I‘ve been to more than a few Hip Hop shows in my life. It would seem too many on nights like this. As I sat in the back of the venue, it became painfully obvious that we are in dire straits my friends. I watched a string of lackluster performances. One guy stood in one in the same spot while his partner jumped around like his feet were on fire screaming at us to “Get the fxck up”. One MC wore sunglasses and didn’t look up from the floor during his set. Another was so in love with his own verses that he kept forcing the DJ to stop the track to let us hear his “cat/scat/gat/rat-ta-tat-tat” rhyme schemes. I’ve been here before. Nothing new for me really, that’s part of the job. But what struck me on this night is the always curious occurrence I see at shows: Each performer was greeted by someone who, in spite of seeing the same foolishness I just did, told them how great they were.
Wait. What? Did you just see the train wreck of a performance I saw? I felt like the only sober person in a crack house. Everyone is high as a giraffe’s earlobe on their own bullshxt. By not telling the truth that night, the friends of those artists committed the most treasonous of Hip Hop offenses; they let wackiness ride.
Our politeness is killing us. The truth is that calling out the foolishness is not hate. It’s an act of love. Love should be our driver even in our discontent. One of the reasons that you are able to read this is because of my love of live music. The idea of being able to direct people toward standout work is at the heart of this music writing thing. My basic purpose is to go out and find dope shxt, then come back and tell you about it.
In an era when entitlement and self-aggrandizing braggadocio seem to be in the DNA of every artist and the bar has dipped so low that an ant can Dougie his way under the damn thing, we are in need of some brutal honesty. Here are a few suggestions that may keep you from getting rotten vegetables thrown at you during your next 100-bar freestyle.
1. Dress like you are going some damn where to do something you want people to remember. I understand being on par with you audience but damn it if you look like you just rolled out of bed . I appreciate the everyman approach but even the everyman gets fresh once and a while.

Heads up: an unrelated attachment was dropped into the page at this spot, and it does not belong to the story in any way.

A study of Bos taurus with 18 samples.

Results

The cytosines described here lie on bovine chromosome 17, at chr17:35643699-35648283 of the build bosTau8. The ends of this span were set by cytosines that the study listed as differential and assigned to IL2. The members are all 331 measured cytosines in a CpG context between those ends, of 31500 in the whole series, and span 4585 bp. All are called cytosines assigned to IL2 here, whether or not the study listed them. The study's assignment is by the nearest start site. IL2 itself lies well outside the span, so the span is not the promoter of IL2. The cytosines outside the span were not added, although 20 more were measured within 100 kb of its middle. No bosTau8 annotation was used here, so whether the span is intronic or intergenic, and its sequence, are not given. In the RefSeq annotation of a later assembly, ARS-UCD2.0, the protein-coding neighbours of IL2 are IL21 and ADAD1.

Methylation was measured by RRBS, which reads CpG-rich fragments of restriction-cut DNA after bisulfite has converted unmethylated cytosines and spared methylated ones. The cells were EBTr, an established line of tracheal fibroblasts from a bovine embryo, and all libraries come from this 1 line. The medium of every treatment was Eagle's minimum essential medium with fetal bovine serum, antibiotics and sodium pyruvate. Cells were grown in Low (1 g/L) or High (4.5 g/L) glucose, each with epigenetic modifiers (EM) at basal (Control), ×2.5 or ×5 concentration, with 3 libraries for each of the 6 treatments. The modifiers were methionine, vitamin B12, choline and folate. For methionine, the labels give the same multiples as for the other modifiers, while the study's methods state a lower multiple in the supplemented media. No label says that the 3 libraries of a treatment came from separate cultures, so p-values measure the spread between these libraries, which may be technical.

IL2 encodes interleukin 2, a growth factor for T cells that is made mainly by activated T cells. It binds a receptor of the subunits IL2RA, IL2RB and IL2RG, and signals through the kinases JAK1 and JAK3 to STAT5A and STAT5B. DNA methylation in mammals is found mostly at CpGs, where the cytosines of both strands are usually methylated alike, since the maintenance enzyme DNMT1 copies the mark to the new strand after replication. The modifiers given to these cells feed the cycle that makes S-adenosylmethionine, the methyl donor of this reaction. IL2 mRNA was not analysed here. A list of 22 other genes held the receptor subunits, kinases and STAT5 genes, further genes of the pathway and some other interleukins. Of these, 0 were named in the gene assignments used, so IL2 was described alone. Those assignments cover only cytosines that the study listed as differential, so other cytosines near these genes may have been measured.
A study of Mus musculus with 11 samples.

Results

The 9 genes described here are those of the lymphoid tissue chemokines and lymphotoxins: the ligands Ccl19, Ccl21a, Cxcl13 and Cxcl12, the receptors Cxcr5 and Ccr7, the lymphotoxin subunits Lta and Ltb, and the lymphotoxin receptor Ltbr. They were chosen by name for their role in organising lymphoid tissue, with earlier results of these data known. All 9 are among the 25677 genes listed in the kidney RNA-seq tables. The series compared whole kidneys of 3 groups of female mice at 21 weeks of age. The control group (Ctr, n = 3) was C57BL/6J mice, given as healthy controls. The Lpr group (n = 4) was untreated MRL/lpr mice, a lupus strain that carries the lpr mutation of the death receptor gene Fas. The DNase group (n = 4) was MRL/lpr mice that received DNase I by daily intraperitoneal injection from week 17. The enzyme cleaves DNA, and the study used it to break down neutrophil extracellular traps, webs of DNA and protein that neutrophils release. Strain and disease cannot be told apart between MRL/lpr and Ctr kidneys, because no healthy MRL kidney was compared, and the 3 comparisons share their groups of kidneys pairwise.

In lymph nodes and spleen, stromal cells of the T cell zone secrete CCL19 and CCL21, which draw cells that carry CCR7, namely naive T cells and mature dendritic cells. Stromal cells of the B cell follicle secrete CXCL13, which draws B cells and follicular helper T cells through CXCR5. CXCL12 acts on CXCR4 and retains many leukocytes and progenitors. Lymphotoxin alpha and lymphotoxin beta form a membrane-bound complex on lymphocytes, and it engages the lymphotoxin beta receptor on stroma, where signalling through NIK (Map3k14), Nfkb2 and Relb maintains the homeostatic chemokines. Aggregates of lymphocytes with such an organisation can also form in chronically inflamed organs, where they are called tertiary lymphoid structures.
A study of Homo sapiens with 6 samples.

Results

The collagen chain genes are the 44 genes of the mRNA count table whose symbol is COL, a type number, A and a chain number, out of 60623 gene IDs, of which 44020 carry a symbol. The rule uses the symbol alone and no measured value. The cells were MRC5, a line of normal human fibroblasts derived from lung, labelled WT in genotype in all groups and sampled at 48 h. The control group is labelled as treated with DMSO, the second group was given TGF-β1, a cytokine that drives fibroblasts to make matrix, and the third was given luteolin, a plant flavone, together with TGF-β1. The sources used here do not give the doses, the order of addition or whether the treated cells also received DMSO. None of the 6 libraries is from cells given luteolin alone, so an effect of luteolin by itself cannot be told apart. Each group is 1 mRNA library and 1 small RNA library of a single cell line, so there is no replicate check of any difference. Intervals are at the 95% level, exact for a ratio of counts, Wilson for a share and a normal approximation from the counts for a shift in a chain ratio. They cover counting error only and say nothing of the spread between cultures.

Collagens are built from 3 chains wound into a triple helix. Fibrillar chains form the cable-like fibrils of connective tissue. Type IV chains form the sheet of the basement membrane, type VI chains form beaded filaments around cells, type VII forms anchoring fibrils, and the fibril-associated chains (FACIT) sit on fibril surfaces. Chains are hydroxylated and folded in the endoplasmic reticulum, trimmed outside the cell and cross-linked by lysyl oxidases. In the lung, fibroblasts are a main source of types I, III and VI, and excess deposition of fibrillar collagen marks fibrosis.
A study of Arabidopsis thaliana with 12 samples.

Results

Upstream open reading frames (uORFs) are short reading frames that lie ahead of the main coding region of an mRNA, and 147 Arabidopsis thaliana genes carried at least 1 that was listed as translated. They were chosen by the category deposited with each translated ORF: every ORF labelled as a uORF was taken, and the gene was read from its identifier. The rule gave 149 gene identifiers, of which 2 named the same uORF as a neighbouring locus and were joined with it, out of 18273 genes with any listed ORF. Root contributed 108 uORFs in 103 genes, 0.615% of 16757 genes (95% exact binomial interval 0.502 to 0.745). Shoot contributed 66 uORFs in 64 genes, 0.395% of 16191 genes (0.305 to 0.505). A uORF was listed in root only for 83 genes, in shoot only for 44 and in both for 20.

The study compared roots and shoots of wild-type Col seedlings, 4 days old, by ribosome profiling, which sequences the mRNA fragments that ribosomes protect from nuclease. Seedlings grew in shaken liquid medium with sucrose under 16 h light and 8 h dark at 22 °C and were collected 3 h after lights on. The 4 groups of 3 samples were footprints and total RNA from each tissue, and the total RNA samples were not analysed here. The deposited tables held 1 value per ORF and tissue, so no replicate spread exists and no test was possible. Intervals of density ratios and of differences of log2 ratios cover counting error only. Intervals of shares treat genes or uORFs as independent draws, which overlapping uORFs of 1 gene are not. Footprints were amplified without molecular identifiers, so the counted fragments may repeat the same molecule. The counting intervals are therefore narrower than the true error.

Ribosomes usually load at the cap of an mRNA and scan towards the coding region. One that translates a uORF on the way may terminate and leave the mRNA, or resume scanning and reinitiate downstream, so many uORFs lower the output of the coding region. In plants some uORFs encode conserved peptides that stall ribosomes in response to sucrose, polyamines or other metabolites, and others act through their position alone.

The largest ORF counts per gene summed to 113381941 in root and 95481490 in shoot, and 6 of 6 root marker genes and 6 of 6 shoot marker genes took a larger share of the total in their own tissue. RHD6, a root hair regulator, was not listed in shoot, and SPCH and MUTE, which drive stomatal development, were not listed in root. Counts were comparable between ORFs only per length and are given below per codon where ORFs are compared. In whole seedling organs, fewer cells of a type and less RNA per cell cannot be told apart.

2. Put together an entertaining show. You walking in a circle not looking at the crowd is not exactly high powered entertainment. As an entertainer you should be put some thought into how you present your music. Just bouncing around and being “turnt up” will get you by for a while but eventually someone is going to want their money’s worth. Great artists make it look seem like they just showed up and rocked.
3. Seek feedback beyond your inner circle. If you never leave the cocoon of people telling you that you’re dope, you will never find out if you are. Getting all your people to co-sign you isn’t notable – it’s expected. If you can’t get your people on your side then you’re really losing. On the other side of your comfort zone is where you will find out if you’re hot.
4. Realize that you probably don’t have haters. You just have people who are not yes men. Sometimes what you interpret as “hate” is the world telling you that you aren’t as ill as you think. As an audience, we don’t lie. You might not like what we say, but that doesn’t make it any less true. So listen and watch. Analyze your work and look for cues of a good and bad performance. Study other dope artists and look for things that work with your presentation. You would be surprised at how many shows I go to of major artists and NEVER seen locals. How is it that you love this so much and you are “grinding” but you never see what’s hot in your arena? That’s like a top basketball prospect that never watches the NBA. You are cutting yourself off from valuable info. Take all that in and build something hot. The people will let you know when you get it right. Remember. The audience doesn’t lie. If you rock, then we rock.
5. Stop all that “People need to support” whining. And while youre at it STOP trying to make us feel like traitorous heathens because you can’t count bars or don’t know what a decent hook sounds like. We don’t know you like that, B. So don’t get upset that we aren’t jumping out of our skin at the very fact that you walked onstage. Constantly begging for support instead of earning it through giving us dope shit doesn’t work. The whole give support to get support is just flawed. It creates basically a network of enablers. No genuine connection based on mutual respect is a different animal. But trying to shame us into being with you won’t work? No one in the history of the music biz has ever become a star by hitting the audience with a guilt trip. What do you want? Real fans or pity?
6. Y’all gotta stop acting like EVERY club was smashed and EVERY show was rocked. Either everyone has the worst luck ever and always misses the good shxt or y’all out here with TALL tales b. It always cracks me up to see the tweets about how the spot got “bodied” and I know for a fact there were only two people in the damn room. I get it. You want to create excitement but you just might be having a negative effect. In the age of social media the truth is way easy to find. The hype beast actually turns off your crowd once they get the truth. By never giving any real critical feedback to ourselves we are committed to repeating the same mistakes. Take in the lesson then move on and do something dope the next time. No one said this was going to be easy. In fact you have to work hard to get great. Question is “are you up to the challenge?”